Date of Judgement:
7 October 1994
Justice B.P. Jeevan Reddy
Justice S.C. Sen, JJ
Appellant – R. Rajagopal alias R.R. Gopal and Another
Respondent – State of Tamil Nadu and Others
The Supreme Court, in this case, observed that Freedom of Speech and Expression can be implemented even if it violates the ‘Right to privacy.’
- Article 19 (1) (a): Freedom of speech and expression; read with Article 19(2) which authorizes the government to impose, by law, reasonable restrictions upon the freedom of speech and expression.
- Article 21: The right to life and personal liberty. This was also to imply the inclusion of the right to privacy as per the Court.
- Section 499 and 500 of the Indian Penal Code: Defamation as an offense.
- The Petitioners, who were the editors of a weekly Tamil magazine called Nakkheeran, intended to publish the autobiography of Auto Shankar, a convicted serial killer, charged with the six murders and sentenced to death by the Session Judge and which was further confirmed by the Madras High Court.
- The autobiography revealed the prisoner’s connections with several State officials, many of whom had been his partners in illegal acts.
- In this case, there were three respondents, i.e., State of Tamil Nadu, Inspector General of the Prison, and Superintendent of Prisons (Central Prison).
- The Inspector-General of Prisons issued the Petitioners a warning letter that Auto Shankar had not written the said autobiography. If it was published, legal action would be taken against the Petitioners.
- The Petitioners claim that the autobiography was written by Auto Shankar while in prison and had requested his wife to publish it in the Petitioners’ magazine.
- The Petitioners realized that the officials would interfere with the publication. In order to restrain them, the petitioners filed a writ petition before the Madras High Court to safeguard their freedom to print the autobiography, which they claimed was guaranteed under Article 19 (1) (a) of the Constitution.
- The single Judge dismissed the petition because of objections relating to maintainability.
- The matter then came before the Supreme Court when the Petitioners under Article 32 of the Indian Constitution sought to restrain the respondent from interfering with the publication of the life story of the prisoner named “Auto Shankar.”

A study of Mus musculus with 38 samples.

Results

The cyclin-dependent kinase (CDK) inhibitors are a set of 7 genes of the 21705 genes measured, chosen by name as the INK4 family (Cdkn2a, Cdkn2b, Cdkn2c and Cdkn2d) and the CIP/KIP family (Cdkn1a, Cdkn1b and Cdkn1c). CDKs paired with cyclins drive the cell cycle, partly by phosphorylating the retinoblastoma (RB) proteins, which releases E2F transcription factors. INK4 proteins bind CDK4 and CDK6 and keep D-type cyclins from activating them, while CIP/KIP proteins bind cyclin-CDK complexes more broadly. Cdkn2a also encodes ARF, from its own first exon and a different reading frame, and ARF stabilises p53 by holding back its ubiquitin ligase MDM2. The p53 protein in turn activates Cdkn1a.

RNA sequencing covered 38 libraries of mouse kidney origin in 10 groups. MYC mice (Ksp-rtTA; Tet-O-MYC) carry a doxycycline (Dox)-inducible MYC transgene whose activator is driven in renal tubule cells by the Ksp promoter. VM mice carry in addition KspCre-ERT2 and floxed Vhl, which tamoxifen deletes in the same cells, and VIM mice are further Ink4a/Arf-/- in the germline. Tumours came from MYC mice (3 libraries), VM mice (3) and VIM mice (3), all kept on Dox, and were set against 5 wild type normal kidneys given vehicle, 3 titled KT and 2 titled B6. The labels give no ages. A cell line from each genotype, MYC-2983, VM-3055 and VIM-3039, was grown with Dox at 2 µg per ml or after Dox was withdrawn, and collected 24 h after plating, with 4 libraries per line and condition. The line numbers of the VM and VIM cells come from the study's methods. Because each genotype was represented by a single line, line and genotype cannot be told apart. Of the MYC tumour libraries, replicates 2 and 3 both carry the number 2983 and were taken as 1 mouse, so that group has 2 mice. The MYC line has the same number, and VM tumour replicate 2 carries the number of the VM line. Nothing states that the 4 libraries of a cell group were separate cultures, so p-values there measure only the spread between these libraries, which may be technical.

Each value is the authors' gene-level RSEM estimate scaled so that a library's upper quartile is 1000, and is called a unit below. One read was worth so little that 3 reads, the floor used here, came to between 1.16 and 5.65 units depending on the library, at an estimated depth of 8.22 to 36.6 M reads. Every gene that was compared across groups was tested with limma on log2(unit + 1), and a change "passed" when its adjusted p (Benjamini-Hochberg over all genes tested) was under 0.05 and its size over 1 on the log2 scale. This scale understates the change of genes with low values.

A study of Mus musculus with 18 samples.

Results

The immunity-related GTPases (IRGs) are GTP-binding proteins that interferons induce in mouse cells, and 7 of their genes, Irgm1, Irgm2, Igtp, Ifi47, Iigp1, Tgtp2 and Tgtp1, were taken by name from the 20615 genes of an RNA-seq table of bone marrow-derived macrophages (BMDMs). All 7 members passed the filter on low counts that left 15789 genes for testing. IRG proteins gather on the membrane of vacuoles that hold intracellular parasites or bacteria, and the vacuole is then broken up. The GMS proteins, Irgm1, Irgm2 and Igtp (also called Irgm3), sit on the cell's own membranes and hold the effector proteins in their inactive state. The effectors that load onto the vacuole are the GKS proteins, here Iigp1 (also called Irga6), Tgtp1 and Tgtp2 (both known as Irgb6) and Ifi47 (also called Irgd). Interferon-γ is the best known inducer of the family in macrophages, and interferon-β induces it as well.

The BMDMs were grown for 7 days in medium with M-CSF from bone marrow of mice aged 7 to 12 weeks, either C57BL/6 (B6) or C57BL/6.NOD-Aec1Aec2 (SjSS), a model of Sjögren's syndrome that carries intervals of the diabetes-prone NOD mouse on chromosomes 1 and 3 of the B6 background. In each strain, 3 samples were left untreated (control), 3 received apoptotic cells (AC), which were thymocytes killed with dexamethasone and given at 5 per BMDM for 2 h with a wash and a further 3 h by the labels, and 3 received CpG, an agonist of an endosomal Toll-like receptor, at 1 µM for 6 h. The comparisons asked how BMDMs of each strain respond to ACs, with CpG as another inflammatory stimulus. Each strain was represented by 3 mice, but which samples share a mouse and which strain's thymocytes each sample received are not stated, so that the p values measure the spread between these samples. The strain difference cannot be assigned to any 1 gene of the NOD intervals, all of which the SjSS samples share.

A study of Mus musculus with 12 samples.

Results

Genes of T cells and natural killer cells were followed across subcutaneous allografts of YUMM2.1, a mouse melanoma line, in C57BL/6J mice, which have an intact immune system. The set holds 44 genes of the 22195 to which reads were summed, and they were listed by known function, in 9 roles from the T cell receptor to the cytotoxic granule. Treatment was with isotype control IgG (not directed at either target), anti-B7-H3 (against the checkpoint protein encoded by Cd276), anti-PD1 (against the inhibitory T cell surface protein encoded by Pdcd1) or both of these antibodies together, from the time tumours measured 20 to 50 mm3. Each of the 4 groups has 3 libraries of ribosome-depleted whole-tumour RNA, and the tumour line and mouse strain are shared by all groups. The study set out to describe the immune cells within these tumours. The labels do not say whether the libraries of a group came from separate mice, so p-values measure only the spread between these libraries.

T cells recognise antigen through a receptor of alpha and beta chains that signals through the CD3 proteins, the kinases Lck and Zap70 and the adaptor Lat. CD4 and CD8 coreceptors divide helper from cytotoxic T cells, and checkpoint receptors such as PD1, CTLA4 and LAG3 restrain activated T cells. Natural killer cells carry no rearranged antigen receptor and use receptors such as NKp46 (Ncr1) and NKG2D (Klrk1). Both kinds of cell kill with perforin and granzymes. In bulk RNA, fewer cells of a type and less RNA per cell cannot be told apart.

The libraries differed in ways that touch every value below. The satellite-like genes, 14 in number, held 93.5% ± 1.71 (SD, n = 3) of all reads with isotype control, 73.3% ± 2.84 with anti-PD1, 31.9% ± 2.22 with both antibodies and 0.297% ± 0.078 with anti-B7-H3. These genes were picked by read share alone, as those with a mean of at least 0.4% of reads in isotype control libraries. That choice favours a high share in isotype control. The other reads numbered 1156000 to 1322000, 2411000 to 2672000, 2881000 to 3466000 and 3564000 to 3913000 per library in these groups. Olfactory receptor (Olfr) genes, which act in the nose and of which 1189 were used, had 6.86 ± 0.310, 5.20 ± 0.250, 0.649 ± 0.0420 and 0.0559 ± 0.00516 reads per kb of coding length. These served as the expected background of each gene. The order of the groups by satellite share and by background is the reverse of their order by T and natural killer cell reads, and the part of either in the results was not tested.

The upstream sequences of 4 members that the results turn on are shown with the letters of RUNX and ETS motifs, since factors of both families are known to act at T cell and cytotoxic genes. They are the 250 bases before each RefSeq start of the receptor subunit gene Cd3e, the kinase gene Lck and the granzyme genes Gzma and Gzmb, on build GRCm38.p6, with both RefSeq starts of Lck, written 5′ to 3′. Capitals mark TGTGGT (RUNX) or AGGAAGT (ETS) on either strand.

- Whether any person could prevent another person from writing their autobiography if such unauthorized writing infringes the person's right to privacy?
- Whether the press was entitled to publish an unauthorized account of a person's life by the freedom of the press guaranteed by Article 19 (1) (a), and in case such publication leads to violation of the right to privacy or defamation, were there any remedies available?
- Whether such writing amounts to defamation?
- Could the State or the public officials maintain an action for defamation and place a prior restraint on the press to prevent publication of defamatory material?
- Whether prison officials were entitled to act on behalf of a prisoner and prevent the publication of the life story of a prisoner to protect his rights?
- The Apex Court held the petitioners have the right to publish the autobiography of the Auto Shankar since it is a part of the public record even without his consent or authorization.
- The right to privacy is a fundamental right implicit in Article 21, i.e., the right to life and personal liberty. No person can publish any private information without consent. But there is an exception to it, i.e., if the publication includes the matter related to public records, then the right to privacy no longer exists.
- Further, the Court denied the State a right to impose a prior restriction on the proposed publication, while referring to New York Times v. United States ( 40 U.S. 713) which stated that "any system of prior restraints of (freedom of) expression comes to this Court bearing a heavy presumption against its constitutional validity" and that the State "carries a heavy burden of showing justification for the imposition of such a restraint.”
- The Court held that any remedy for defamation would arise only after the publication.
- The Court held that privacy is a “right to be let alone” and that no one could publish anything referring to an individual’s private affairs without the consent of the person concerned unless it was based upon public records.
- Further, it held that public officials did not have a right to privacy or a remedy for damages concerning the conduct involved in the discharge of their official duties.
Freedom of the press is a fundamental right that the court should uphold as it serves the public interest at large. It is an important right that must be protected in a democratic society like India.In this case, we see that the judgment favours the petitioners, and later, the autobiography was published as it was, without any changes. However, the court had not paid much attention to what might happen if the autobiography was released and may cause defamation to the plaintiff. Though they may be sued later, much damage would have already been generated.
The court has completely ignored the issue of whether Shankar wrote the biography. This was very important to know the intention and thus calculate whether any defamation may occur due to the defendant’s malice or someone else’s.
2. Which Article deals with the right to life and personal liberty?